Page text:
There is sunshine and wind and the snow is melting. I go down to the horses and meet my posse. These two sisters and their mum are my bubble; they are the one household I am allowed to see. We meet outside every day and social distance like crazy things, but they are human and they are real and they are full of life and laughter and that makes all the difference, even six feet away. I always say the red mare has saved my sanity, but these three people do it too.
The mum has gone off on a mercy mission, and so it’s just me and the girls. Often, when I go to the field I’m in a bit of a hurry because I’ve got to run back to my desk and get to work. There is always so much work and so little time. But today I think: sod it. I’m going to luxuriate in this human contact, because we are all social animals and we need our herds just as horses do.
So we three give ourselves the gift of time, and we play. I love teaching through play: I teach the girls by making everything a game; we all teach the horses by inventiveness and creativity. ‘Tell your Freya a story,’ I say to Kayleigh, the older and more serious of the two young ones. ‘Invite her into your story.’ The children are amazingly good at this. They once fixed a bridling issue with our tentative little Connemara mare by pretending they were mermaids and fish. It worked a treat. I never heard such laughter, and Clova has bridled herself ever since that glorious day.
Cara, the younger, more antic sister, works on getting our sweet Florence used to the saddle. They have a terrific tale going on at one end of the shed, whilst Kayleigh weaves her own fable at the other. In the middle, I stand with the red mare and add to our own myth and legend. (She is mythical, and legendary, so she does’t get anything as ordinary as a straight story.)
For a moment, I stop and listen. I hear murmuring and laugher and small exclamations, as the girls make up their epics. It is like the sound of birdsong. For a moment, everything in the entire world is all right.
We do a thing with our horses. We really, really see them. We listen to them. We hunt down their slightest signs, so we can tell where they are that day. Are they a little jangled up, because they didn’t get enough sleep? Are they looking for danger, or happy in their skin? What do they need from us?
I talk about that a little this morning, and I think: that’s just what humans need too. I think all of us need to be seen. Truly, deeply seen, and acknowledged, and honoured, so that we know we exist. That’s why I love working with horses, because those great, mysterious, sentient creatures remind me of the most important principles of all life, not just equine life.
I come back to my desk and take a quick peek at Twitter. (I do this every so often just to check that the world has not ended. I look at the trending topics, and as long as there’s a footballer I’ve never heard of or a reality television star whose name means nothing to me, then I know that the dear old planet will keep on turning.) It turns out to be one of those named days, the ones that some mysterious committee makes up – Random Acts of Kindness Day.
I think of kindness, and how it can sound like a rather bland thing. The cool people are out there being satirical or radical or revolutionary. Nobody ever got a headline or a television show for being kind. (I sometimes think they get those things for being shouty or deliberately contrary or cruelly ironic.)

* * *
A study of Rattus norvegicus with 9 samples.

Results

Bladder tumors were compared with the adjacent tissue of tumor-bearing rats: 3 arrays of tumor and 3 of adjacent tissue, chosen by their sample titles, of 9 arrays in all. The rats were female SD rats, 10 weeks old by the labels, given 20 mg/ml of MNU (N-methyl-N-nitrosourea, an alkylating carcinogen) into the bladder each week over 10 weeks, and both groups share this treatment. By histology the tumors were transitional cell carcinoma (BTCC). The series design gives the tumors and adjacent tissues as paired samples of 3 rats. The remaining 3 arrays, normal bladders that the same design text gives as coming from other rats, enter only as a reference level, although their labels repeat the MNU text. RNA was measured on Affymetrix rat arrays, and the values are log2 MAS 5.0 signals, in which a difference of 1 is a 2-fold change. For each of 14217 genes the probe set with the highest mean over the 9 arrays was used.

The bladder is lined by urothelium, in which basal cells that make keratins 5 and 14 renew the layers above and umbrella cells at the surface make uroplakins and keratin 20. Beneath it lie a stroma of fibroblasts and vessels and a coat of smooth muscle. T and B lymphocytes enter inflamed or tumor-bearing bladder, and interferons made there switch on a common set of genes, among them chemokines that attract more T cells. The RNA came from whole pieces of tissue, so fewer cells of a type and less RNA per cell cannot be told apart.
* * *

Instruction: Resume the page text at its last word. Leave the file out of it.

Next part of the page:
But I think kindness is a staunch, sturdy thing. It’s a tough thing. It’s much easier to be mean or cross, especially at the moment, when all our amygdalas have been hijacked and our adrenal glands are buggered. Kindness takes will, and care, and thought. It involves a lot of other demanding stuff like forgiveness and empathy and not taking everything personally. (That’s something the red mare taught me well: not everything is about me. This maddens me sometimes, because my ego, which is all dressed up in a feather boa and a tremendous hat, is perfectly convinced that everything absolutely is about me, and it loathes being contradicted.)
Kindness is hard work. It means thinking before you speak; it means remembering that not everyone is put on earth to do and say what you want them to do and say; it means not doing the easy thing.
I’m thinking of this at the moment because a random bloke on Twitter said something mildly disobliging yesterday and I was feeling a bit raw and grumpy at the time and I so, so wanted to take him out behind the bike shed and show him who was boss. And I had to stop myself, because who knows what has happened to him? Maybe his dog just died or he’s lost his job or he always wanted to be an astronaut and he’s finally had to face the fact that he is never, ever going to space. He will never slip the surly bonds. Perhaps he was tweeting out of crushing disappointment, as he watched his dreams turn to dust.
If I were a really, really good person, I would have sent him true words of kindness, but I didn’t quite have that in me. And I didn’t know how to phrase it without sounding mildly patronising. But I did leave him alone. He’s got enough on his plate without a cross woman telling him he was rude.
I think of all the forms that kindness takes. Sometimes it is being patient. Sometimes it is offering words of encouragement. Sometimes it is just being there, listening. It’s letting another person be their true self. It’s deciding not to criticise. It’s saying yes instead of no.
I’ll probably never quite get there, to the dizzy Everest summit of kindness. (There are, I think, some people who seem to have the quality in their bones, and they just do it without thinking. I love those people.) But I think it’s a good life’s work. It’s a fine ambition. It is something to aspire to, and we all need something to aspire to just now.